Though closed for the evening, the warm, deep shadows cast by the subdued lighting failed to disguise each victim’s grisly demise. Two had received severe chest wounds, their cotton shirts blood-soaked and torn from multiple swings of some bladed instrument. The third had suffered a more ghastly wound, a crushed cranium; the blow slicing bone and opening the forehead down to the mouth. His glazed eyes stared obscenely in opposite directions.


“Ever see anything like it, Holmes?” Lestrade asked. “A deranged madman with an axe, I say.”


My friend merely grunted; intent on examining the crime scene. He paused, his brow wrinkling, then strode to a spot a dozen feet from the victims. Bending, he drew his finger across the floor, and then inspected his fingertip, placing it against his nose before gingerly tasting the tip with his tongue. Rubbing index finger and thumb together, he said, “Inspector, did the night watchman say anything about a missing artefact?”


Lestrade turned. “You, Berkshire, bring that watchman here.”


The night watchman, a thin fellow, lean as the Inspector, gave the bodies a wide berth as Constable Berkshire prodded him before Lestrade and Holmes.


“There was something here,” Lestrade snapped. “What was it?”


The watchman swallowed, the sunken eyes of his narrow, pasty face flitting from man to man. “Those fellows came at closing, sirs, at the delivery entrance out back. Had a wooden crate with them and official looking paperwork with orders to place a statue here.”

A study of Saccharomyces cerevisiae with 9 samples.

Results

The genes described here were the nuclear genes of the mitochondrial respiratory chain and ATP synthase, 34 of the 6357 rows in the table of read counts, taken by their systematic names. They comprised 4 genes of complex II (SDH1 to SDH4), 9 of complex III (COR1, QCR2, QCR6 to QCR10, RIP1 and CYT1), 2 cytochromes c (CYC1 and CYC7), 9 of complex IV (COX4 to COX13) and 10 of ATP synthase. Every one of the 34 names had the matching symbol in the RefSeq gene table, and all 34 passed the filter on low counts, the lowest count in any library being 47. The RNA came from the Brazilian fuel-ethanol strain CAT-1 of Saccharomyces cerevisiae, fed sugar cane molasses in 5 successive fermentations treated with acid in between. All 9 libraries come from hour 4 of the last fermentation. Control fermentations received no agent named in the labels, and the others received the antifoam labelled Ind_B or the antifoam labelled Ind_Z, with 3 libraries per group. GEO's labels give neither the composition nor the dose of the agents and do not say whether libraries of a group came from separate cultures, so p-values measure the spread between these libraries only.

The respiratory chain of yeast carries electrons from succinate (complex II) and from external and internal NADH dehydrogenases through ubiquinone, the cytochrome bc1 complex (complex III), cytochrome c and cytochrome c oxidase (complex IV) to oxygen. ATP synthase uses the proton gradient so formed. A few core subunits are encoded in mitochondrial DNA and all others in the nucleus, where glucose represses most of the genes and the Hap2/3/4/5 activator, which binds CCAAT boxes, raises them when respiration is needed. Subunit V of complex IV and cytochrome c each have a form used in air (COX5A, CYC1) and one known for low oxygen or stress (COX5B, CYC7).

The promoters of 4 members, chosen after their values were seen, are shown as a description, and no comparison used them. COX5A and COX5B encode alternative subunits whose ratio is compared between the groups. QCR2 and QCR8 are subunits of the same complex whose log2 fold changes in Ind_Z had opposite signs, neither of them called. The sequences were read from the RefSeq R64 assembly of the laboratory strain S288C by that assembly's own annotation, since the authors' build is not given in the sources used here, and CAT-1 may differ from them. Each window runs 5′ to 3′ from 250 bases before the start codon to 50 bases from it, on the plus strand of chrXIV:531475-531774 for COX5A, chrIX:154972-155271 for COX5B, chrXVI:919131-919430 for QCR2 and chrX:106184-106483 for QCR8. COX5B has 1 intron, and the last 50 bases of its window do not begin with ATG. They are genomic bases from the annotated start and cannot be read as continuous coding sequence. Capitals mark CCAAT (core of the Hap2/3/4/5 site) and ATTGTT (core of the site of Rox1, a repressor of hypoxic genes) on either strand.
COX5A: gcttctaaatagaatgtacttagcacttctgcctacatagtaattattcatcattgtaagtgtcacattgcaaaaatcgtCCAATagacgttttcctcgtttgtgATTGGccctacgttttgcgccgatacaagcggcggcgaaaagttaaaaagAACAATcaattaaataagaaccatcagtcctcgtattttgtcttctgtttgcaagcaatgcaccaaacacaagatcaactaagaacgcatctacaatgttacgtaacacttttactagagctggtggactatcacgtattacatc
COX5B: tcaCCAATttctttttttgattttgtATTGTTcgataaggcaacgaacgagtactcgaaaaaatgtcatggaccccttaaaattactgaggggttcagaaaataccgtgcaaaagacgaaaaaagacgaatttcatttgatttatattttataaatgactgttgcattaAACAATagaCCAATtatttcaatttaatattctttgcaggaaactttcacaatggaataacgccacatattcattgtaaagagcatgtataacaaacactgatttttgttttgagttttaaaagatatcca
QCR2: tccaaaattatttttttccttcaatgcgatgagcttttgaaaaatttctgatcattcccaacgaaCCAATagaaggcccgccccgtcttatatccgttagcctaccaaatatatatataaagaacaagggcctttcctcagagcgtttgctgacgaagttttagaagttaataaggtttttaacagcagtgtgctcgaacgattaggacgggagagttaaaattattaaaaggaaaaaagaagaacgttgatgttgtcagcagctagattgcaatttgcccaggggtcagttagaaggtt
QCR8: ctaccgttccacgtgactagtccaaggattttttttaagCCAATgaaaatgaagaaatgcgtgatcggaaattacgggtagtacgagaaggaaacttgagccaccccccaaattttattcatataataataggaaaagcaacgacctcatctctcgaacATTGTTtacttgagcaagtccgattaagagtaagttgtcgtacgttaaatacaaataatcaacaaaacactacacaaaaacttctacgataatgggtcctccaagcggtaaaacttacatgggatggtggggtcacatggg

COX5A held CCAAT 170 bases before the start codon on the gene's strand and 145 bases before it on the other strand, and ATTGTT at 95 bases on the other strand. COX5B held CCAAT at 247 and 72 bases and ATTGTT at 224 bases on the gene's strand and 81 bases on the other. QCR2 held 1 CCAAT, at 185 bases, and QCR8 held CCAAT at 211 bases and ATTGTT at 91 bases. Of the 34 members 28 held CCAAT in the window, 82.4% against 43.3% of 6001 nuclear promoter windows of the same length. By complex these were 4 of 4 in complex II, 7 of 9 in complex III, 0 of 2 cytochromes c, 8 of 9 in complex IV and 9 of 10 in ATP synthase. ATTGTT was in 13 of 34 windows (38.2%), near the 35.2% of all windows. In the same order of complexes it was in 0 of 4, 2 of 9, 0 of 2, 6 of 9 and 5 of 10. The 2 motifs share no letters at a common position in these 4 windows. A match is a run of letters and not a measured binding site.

Holmes cupped his chin. “A statue, was it?”


The watchman nodded eagerly. “Oh yes sir. I left them to make my rounds when they took to opening the crate.”


“And did you see this statue?” Holmes asked. “Can you describe it?”


“Just a little, sir. It was black. Like coal. Looked like a man, it did. Imposing it was, like an ancient king or god. Gave me chills.”


Lestrade said, a touch impatiently, “And then what?”


The watchman shivered and swallowed. “I heard something.”


“Out with it.”

The Case of the Galloway Eidolon

Select the above picture to read the entire story.

I love this. Bruce’s merging of a variety of influences (HPL, ACD, CAS, REH) is wonderful.

David J. West, author of ‘Heroes of the Fallen’

Excellent story. Suitably suspenseful and terrifying in the tradition of Arthur Conan Doyle and HP Lovecraft.

Larry Atchley - author, Lawyers in Hell

This was excellent and kept me captivated. I love that Watson is the man of action here, not just a narrator or one who is telling a story about Holmes.

Wilum H. Pugmire, author and Lovecraft scholar.